Sustained Brent crude prices over $100 a barrel will cause as much damage to the global economy as the record prices of 2008 which preceded the financial crisis, Nobuo Tanaka, former executive director for the International Energy Agency (IEA), said on Monday.
The burden of high energy costs on growth contributed to the sharp slowdown in the global economy in the wake of the financial crisis in 2008. High prices led to such a sharp slowdown in fuel demand that oil producer group OPEC was forced to make record output cuts.
“If $100 oil continues, it will be as bad as 2008,” Tanaka told the Singapore International Energy Week (SIEW) conference.
Brent at over $100 would cut global oil demand by around 1 million barrels per day (bpd) from what fuel consumption would be at a price of $70 to $80 per barrel, Tanaka said. That would slice over 1 percent from the world's total fuel consumption.
A price of $70 to $80 was just right for producers and consumers, he said. Anything less was not enough to encourage producers to invest in increasing output, while anything more was detrimental for the global economy, he said.
Brent crude has stayed above $100 a barrel since February, when civil war cut output from OPEC producer Libya. The price has averaged over $111 this year. Brent traded at near $109 on Monday.
The IEA had coordinated a release of oil from emergency stocks this year to help avoid a sharp slowdown in the global economy sparked by high oil prices, Tanaka said.
“We should use the IEA stock release to make a soft landing rather than the hard landing of 2008,” he said. Tanaka was the head of the West's energy watchdog until the end of August and at the helm during the stock release.
Given the increase of demand led by China in Asia, and the growing role of the region in the global oil market, IEA member countries and Asian governments would need to cooperate on emergency oil stockpiles, Tanaka said.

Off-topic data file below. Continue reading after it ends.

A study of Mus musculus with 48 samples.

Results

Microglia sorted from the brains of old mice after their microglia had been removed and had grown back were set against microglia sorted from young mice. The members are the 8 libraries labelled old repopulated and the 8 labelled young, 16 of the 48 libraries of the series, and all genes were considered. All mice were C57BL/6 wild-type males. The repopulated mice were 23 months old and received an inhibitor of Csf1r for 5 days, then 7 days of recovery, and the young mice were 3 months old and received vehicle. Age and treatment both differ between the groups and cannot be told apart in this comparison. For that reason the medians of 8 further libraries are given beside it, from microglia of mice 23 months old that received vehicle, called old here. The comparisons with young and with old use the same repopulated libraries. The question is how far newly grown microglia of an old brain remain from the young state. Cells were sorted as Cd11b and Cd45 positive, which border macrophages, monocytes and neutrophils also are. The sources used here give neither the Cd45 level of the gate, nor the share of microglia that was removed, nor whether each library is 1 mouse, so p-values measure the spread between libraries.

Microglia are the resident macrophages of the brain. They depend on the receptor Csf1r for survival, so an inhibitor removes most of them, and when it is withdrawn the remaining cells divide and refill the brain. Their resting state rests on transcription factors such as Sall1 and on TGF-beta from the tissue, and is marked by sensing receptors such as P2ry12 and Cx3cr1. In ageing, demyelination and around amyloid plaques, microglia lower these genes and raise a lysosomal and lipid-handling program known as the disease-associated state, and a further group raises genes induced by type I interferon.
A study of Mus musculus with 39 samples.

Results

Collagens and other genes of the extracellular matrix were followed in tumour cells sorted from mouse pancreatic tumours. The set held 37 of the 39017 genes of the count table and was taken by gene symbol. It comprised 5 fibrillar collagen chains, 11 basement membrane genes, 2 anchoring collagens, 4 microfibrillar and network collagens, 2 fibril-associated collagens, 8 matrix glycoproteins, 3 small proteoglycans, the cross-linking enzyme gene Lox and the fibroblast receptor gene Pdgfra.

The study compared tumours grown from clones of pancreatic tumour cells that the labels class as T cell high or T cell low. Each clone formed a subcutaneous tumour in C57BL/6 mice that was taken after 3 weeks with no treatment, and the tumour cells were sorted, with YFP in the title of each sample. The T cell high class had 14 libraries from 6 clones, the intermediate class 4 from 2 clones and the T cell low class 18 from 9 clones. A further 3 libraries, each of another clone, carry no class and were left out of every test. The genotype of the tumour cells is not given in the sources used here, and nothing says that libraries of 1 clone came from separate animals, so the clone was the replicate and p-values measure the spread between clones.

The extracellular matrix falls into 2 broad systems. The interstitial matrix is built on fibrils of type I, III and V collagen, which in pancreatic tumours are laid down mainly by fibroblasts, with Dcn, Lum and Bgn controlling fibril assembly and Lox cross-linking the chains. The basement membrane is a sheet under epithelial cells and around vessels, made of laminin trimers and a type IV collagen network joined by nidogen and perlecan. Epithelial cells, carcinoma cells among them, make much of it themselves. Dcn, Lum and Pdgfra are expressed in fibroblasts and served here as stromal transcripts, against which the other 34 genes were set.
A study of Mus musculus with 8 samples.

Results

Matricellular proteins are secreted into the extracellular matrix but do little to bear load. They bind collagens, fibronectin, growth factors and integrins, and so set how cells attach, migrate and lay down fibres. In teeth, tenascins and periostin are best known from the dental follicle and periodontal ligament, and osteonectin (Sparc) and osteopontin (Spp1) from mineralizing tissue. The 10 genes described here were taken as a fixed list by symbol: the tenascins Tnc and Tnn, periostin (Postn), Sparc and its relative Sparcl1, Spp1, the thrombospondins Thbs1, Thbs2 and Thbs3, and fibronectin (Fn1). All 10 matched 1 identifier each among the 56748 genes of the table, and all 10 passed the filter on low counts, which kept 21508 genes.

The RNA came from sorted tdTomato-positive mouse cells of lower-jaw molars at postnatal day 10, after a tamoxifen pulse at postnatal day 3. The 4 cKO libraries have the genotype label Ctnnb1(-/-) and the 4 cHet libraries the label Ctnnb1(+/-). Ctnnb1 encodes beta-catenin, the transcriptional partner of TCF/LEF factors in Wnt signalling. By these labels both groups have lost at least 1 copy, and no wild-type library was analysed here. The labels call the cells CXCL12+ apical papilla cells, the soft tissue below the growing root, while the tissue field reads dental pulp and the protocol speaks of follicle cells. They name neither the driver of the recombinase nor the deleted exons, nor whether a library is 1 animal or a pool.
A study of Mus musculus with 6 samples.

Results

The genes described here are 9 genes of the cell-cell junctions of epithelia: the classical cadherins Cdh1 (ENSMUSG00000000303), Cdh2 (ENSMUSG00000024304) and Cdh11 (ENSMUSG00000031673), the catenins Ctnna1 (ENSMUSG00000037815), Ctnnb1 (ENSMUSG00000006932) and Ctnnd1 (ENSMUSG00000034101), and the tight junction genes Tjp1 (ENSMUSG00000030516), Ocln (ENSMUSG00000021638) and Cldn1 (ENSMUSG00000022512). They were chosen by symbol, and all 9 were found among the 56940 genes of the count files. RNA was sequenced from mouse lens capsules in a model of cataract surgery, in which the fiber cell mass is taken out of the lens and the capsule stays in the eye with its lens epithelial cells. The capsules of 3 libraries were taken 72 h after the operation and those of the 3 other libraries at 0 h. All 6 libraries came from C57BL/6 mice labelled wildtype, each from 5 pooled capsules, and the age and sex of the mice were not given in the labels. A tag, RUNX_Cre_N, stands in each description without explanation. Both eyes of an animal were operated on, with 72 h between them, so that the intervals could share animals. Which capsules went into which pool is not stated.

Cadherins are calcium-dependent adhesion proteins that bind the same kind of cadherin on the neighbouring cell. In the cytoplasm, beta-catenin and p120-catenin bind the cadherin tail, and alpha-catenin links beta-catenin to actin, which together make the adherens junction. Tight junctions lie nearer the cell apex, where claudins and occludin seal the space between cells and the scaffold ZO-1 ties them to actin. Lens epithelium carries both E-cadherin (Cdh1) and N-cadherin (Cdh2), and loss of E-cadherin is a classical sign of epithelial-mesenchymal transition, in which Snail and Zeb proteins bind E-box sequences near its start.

Otherwise, any future release from stocks by the IEA would have a diminishing impact, he added. “There are several options for emerging Asian economies, they can join the IEA or build a new IEA for Asia.”
The only way for Asian and other countries to increase their energy supply security was to coordinate, Tanaka said.
“One cannot enhance energy security by risking somebody else’s,” he told the conference.
Japan will need to import an additional 500,000 barrels per day of oil if all nuclear reactors in the country are shut, Tanaka said, adding the country would also need to import 30 billion cubic meters of gas per year to compensate for lost power supply from nuclear plants.
No reactors taken offline for routine maintenance have been restarted since a devastating March earthquake and tsunami triggered the world’s worst nuclear disaster in 25 years at Tokyo Electric Power Co’s Fukushima Daiichi plant in Japan’s northeast.
Nuclear policy in Japan was in a “chaotic situation,” Tanaka said, due to the understandable public concern about safety. A full nuclear shutdown would cost Japan 3 trillion yen, he said, and for that reason alone, it was logical that a restart in nuclear supply should come early next year.
“I hope Japan will take a very responsible, very rational decision on nuclear eventually,” he said.
The nuclear disaster and the loss of Libyan oil supplies had made policy makers’ planning for future energy even more fraught, he said. Gas was likely to form a bridging fuel and producers needed to invest in shale gas and other unconventional gas supplies worldwide, he added.
Power grids in Japan, Southeast Asia and elsewhere needed to be better connected to guarantee supply security, he said. That supply needed to come from as wide a variety of sources as possible, be they oil, renewable, nuclear or coal.
“Security of power supply is the challenge of the 21st century,” he said. “Security of oil supply was the challenge of the 20th century.”